The family unit was in the process of refurbishment and was designed to house up to eight families with children. These plans to hold children in the IRC sit uneasily with the government’s stated commitment to end child detention for immigration purposes. We were told two types of family might be held at Tinsley House: those detained from aircraft and awaiting a flight back to their home countries, and families judged unsuitable for the new ‘predeparture accommodation’ currently under construction nearby. We will return to inspect and report on both these family facilities once they open.
Activity provision had improved and most detainees had something to do to fill their time, including an increased amount of paid work. There were reasonable opportunities for those needing to learn English, but little for those who were already fluent. There was a good library and reasonable access to PE, although instructors were unqualified.
Preparation for release was very good, with an impressive welfare service and important support from the Gatwick Detainee Welfare Group. Communication with the outside world was well facilitated with good visit facilities and access to phones, fax and the internet, although some legitimate internet sites were unnecessarily blocked. Support to prepare detainees for removal had begun to be developed. However, we identified an objectionable and distressing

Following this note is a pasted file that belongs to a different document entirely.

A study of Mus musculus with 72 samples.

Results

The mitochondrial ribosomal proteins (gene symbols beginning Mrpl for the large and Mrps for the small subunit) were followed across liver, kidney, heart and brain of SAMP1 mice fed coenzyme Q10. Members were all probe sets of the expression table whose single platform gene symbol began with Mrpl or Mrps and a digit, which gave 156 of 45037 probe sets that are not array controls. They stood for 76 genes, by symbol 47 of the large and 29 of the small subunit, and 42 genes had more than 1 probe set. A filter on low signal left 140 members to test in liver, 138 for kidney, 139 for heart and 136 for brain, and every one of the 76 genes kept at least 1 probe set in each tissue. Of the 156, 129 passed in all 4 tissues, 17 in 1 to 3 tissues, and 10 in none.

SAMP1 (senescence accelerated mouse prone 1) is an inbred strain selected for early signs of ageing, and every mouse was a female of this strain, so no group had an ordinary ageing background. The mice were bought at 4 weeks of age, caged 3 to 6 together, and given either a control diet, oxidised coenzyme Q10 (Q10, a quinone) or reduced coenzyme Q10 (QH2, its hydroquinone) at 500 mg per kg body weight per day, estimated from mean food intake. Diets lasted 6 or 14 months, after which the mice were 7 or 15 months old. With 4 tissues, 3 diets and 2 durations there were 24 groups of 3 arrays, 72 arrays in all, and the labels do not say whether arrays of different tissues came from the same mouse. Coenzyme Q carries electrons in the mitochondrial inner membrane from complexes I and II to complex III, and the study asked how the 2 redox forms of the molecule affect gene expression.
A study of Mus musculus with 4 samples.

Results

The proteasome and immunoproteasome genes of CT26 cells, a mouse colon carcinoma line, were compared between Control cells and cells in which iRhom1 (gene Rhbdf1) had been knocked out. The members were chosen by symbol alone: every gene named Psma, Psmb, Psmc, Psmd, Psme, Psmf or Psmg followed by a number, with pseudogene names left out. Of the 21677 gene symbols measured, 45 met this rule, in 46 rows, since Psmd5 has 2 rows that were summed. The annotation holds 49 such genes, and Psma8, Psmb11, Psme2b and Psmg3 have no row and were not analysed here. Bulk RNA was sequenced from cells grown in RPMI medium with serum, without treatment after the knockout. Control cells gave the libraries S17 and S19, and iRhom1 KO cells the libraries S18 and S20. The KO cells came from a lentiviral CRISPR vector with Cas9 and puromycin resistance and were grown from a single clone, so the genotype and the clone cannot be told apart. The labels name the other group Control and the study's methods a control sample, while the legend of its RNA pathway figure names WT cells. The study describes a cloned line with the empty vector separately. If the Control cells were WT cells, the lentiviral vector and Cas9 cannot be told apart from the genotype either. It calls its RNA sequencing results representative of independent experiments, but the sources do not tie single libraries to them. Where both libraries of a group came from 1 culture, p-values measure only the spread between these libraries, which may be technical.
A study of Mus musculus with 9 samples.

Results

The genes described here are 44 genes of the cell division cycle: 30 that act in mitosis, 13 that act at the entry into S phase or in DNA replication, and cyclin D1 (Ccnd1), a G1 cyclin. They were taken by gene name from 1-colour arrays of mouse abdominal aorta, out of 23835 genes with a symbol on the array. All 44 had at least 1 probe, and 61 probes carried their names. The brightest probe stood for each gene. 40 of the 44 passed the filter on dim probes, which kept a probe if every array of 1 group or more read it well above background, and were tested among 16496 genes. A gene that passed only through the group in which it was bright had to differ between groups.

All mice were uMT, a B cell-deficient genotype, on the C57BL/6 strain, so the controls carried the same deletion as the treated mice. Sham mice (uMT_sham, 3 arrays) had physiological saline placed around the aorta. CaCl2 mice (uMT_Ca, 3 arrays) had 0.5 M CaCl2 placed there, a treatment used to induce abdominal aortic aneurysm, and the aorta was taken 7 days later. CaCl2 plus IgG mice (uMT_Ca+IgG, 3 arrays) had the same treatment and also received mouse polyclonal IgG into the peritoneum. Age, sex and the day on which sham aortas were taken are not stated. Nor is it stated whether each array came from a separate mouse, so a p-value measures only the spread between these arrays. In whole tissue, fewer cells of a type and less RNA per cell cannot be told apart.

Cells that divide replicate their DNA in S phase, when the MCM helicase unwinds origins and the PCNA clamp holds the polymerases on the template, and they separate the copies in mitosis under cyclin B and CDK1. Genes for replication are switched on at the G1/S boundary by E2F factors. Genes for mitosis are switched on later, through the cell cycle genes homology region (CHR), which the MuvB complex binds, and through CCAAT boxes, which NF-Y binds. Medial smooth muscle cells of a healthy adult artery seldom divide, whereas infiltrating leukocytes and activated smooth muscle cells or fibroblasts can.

practice of overseas escort staff taking additional detainees as ‘reserves’ to the airports for charter flights in case illness or appeal prevented a removal. This inhumane practice should cease.
Tinsley House had improved considerably since our previous visit, with more dedicated management attention and improvements in most key areas. Admittedly, at the time of the inspection the IRC held no single women or families with children whose treatment we have previously highlighted with great concern. Nevertheless, the improvements are to be warmly welcomed and staff and managers appropriately commended.